Eucladoceros was a large deer, reaching 2.5 metres (8.2 ft) in body length and standing about 1.8 metres (5.9 ft) tall at the shoulder, only slightly smaller than a modern moose. It had a spectacular set of antlers which split into twelve tines per pedicle, and were up to 1.7 metres (5.6 ft) wide.
The most distinctive feature of Eucladoceros was its comb-like antlers, especially in E. ctenoides. E. dicranios is the most evolved species of the genus, with a dichotomous branching of each antler tine. Eucladoceros was the first deer genus to have highly evolved antlers; however its cranial shape and dental morphology remained primitive, as in Rusa unicolor.
The first find (E. dicranios) was in 1841 by Florentine naturalist Filippo Nesti, director of the "Museo di Storia Naturale di Firenze" ("Museum of Natural History of Florence"). The earliest species of Eucladoceros was described from the Early Pliocene of China. The most abundant fossil remains of Eucladoceros have come from the Early Pleistocene of Europe and China.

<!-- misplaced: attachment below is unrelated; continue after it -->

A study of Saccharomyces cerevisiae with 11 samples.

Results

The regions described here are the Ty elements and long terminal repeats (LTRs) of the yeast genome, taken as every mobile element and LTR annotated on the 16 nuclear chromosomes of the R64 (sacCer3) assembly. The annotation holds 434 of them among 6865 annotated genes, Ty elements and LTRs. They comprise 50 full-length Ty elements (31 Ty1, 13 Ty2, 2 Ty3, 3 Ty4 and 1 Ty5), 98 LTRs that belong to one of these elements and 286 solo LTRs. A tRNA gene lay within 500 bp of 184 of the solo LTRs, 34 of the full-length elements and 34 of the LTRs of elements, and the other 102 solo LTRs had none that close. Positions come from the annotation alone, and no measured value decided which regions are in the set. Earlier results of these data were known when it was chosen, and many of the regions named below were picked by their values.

The systematics of European forms is confused and up to twelve poorly defined species are reported. The majority of those species names are synonymous, and at present only two or three good species are recognized: E. dicranios from England, Italy and Azov Sea Area in South Russia; E. ctenoides from Greece, Italy, France, Spain, Holland, and England; and E. teguliensis (a senior synonym of E. senezensis) from France, Holland, and Britain. The latter species is regarded by some authors as a subspecies of E. ctenoides, since there are some finds (for instance, from Ceyssaguet, France) that show a transitional character between E. ctenoides and E. teguliensis.
Some poor remains of Eucladoceros are found also in Tadjikistan, Pakistan, and India.